Dead Island: Riptide Review
In nearly every form of media there is a blood-soaked zombie pocket for the masses to create carnage by shooting, chopping, stabbing and decapitating. Whether it is novels, comics, TV, film or even music, Zombies are a part of the mainstream pop culture and computer games are no different.
The computer games market has been flooded with zombie games since the release of 1996 adventure Resident Evil through to the multiplayer madness of Left 4 Dead and from last year’s Console Monster winner of the illustrious ‘best game of the year’ award, The Walking Dead, to this second instalment in the Dead Island series.
Dead Island: Riptide, developed by Techland and published by Deep Silver is the sequel to 2011’s Dead Island. The game is a direct sequel, with the playable characters of Riptide being the four survivors we built a relationship with in the first game; American football player Logan, rapper Sam B, Hong Kong Police Officer Xian Mei and Bodyguard Purna. The great news here then is that if you played the first game there is an option to port over your save from the original Dead Island game and continue the adventure with your chosen character.
The game starts off with the survivors being taken into custody by the Australian Defence Force after escaping the Island from the original game. Here they learn that Civilian Frank Serpo, a wealthy man who is keen to understand the immunity and is thought to be looking to weaponise the zombie virus. The plot of the game then expands as you meet new survivors on another infested island and uncover the story of who Frank Serpo is and how he is linked to the other survivors on the island.
The story is good but the pacing is a little slow. The first set piece that you come across as you are taken prisoner on the boat by the Australian Air Force and need to escape as zombies take over the ship is actually quite exciting as the boat you are on is slowly sinking. However, when you reach the new island it really does become a very similar experience with a strong sense of déja vu. I would go as far as to say that Dead Island: Riptide is really just a re-skinned version of the original game and would have been better had it been offered as DLC.
For a sequel that has had two years to develop from its predecessor, there is very little difference to mention when comparing the two titles. The idea of fighting zombies in the sun is a novel exception to the norm but was explored in the first title and graphically the game is starting to look a little dated. The controls mirror the options you had in the original game so you have a standard layout you would expect from an FPS or you have the dual stick controls which I found difficult to master.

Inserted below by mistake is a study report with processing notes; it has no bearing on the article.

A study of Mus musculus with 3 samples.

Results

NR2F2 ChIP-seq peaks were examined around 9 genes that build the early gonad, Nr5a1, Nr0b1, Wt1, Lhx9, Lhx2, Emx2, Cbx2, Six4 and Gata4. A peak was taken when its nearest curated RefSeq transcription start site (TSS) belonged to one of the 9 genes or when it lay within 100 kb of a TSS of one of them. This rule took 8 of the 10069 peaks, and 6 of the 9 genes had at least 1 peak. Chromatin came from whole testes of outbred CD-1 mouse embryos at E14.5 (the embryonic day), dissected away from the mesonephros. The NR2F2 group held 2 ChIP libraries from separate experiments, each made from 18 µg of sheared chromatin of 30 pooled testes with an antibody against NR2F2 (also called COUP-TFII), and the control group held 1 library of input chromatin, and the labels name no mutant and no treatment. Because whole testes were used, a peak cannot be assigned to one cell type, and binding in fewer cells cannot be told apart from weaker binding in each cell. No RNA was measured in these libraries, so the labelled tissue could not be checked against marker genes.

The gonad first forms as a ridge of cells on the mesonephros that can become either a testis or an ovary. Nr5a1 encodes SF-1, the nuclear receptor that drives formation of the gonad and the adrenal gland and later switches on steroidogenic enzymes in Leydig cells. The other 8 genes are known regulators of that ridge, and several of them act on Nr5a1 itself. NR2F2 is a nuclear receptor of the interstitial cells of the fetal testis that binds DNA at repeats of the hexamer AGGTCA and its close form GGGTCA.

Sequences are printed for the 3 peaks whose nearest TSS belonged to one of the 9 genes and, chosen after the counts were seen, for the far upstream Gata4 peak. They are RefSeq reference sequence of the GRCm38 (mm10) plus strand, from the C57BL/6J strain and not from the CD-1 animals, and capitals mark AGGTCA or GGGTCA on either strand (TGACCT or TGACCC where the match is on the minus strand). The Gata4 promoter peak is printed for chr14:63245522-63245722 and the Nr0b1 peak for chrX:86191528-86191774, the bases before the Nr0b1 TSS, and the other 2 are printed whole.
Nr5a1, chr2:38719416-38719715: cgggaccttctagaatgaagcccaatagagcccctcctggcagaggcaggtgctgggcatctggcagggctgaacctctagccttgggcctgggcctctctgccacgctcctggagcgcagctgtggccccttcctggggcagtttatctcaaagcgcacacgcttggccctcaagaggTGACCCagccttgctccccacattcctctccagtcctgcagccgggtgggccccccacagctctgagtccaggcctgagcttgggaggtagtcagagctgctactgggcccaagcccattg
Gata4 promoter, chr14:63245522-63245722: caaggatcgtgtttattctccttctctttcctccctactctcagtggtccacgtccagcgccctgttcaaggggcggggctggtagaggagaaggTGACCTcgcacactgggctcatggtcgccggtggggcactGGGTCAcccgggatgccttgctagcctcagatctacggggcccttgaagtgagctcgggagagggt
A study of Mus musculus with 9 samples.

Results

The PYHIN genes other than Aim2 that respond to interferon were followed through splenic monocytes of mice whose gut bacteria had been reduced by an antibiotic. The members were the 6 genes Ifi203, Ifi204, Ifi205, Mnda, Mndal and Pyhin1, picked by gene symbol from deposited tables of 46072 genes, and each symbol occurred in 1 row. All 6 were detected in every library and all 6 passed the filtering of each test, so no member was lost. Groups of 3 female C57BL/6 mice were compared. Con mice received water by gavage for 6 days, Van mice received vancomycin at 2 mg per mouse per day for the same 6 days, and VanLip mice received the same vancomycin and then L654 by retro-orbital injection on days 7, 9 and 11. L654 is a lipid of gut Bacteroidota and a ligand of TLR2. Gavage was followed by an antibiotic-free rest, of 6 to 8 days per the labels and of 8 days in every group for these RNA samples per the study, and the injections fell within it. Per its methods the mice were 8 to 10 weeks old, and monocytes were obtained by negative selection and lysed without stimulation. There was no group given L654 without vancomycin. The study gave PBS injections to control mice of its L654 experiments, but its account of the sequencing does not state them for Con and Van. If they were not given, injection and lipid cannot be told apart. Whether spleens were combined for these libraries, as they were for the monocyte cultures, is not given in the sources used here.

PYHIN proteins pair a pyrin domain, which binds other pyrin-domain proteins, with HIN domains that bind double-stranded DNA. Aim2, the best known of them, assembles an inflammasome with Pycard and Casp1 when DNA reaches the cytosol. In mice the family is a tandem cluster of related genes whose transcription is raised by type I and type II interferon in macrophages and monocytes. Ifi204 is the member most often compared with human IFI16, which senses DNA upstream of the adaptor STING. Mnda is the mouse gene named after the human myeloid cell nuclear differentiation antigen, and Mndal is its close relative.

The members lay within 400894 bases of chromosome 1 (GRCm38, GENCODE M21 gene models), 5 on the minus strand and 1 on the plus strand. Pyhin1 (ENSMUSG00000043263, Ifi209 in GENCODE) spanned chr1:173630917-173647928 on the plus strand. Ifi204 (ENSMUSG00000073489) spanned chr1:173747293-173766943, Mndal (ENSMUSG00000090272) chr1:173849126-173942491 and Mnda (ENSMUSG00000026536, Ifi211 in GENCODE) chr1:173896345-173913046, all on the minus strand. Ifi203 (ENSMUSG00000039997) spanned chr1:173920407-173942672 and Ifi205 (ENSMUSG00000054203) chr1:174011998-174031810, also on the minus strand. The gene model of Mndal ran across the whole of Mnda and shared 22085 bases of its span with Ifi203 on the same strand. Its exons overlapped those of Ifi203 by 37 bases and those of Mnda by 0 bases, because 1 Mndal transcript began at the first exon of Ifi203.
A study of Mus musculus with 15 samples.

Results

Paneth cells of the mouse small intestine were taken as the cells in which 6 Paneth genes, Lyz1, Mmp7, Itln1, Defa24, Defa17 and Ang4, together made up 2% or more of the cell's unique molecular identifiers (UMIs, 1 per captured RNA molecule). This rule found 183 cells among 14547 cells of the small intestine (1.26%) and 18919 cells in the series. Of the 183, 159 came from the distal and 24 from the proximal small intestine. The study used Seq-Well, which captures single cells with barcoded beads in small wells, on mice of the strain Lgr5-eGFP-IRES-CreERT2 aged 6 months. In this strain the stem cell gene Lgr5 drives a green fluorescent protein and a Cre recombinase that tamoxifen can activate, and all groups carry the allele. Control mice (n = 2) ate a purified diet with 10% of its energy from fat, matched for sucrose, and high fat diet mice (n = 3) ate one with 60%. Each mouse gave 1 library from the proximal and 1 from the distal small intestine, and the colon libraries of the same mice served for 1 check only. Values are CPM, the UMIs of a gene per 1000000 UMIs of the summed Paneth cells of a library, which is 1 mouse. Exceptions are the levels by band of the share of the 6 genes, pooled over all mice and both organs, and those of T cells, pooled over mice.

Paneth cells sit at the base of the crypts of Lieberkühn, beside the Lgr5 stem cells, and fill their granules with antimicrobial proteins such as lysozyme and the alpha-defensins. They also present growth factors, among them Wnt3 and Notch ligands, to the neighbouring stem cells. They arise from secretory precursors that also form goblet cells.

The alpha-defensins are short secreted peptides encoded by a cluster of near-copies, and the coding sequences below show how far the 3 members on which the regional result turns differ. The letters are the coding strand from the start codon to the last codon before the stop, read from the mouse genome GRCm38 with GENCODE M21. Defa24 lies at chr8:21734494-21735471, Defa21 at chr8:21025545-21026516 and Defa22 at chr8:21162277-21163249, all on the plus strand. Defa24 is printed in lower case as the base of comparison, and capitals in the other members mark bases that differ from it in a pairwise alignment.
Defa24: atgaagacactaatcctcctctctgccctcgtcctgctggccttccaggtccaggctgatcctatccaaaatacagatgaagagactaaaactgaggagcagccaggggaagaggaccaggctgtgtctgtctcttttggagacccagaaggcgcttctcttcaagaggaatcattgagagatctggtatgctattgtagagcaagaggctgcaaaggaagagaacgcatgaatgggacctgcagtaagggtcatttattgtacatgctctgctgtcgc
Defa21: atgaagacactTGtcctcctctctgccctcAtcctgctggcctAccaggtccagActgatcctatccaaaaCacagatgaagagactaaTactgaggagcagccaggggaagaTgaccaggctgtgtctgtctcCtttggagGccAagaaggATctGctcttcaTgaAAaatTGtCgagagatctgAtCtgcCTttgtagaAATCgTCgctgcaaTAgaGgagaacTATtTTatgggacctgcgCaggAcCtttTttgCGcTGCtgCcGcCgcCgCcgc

There are positives about the game though. The levelling system works well and the enemies are tailored to your level so there is always a challenge, even from the get go if you port over your save. The variety in different zombies is also interesting; there are ones that float on the surface of the water that have given me the odd fight or two, then there are fat bloated zombies that approach you and explode.
With the levelling you can then build on the skills you possess with a skill tree which again adds to the game and makes it more interesting, perhaps more so than your normal zombie adventure. The best perk I found here was that you could boost XP earned from each kill which was worth upgrading early on within the game when it was quick to level up.
The weapons within the title are varied throughout and also work well to add variety to the game. You can pick up a wide variety of different tools to help you decapitate the infected from a baseball bat or paddle to a machine gun, rocket launcher or Samurai sword. Each has its own damage rating and endurance rating, meaning that if you favour smashing some zombie skulls open with a baseball bat, you may need to ensure you find a workstation to repair it. Repairing weapons will not cost a lot of money but will give you a better damage rate and ensure you do not find yourself in trouble in the middle of a large swarm of zombies.
Continuing the point on the weapons within the game, you can also find blueprints that will enable you to modify certain baseline weapons into something more dangerous, as long as you have collected all of the elements needed. The easiest one you can build within the first hour or so of gameplay is a baseball bat littered with nails. It is great fun for those wanting the ‘up close and personal’ fighting experience that comes with clearing an island full of zombies.
In closing the game is a fun adventure that will be worth exploring for any fan of the franchise. There is minimal progression from the first instalment, the story is slightly slow in pacing but it is good to revisit the characters. The combat and weapons are fun and the levelling systems keep things interesting and give an air of replayability to the title if your Xbox is starting to get a little dusty. If we see a third instalment though, the game needs to step up a little to keep up with the competition.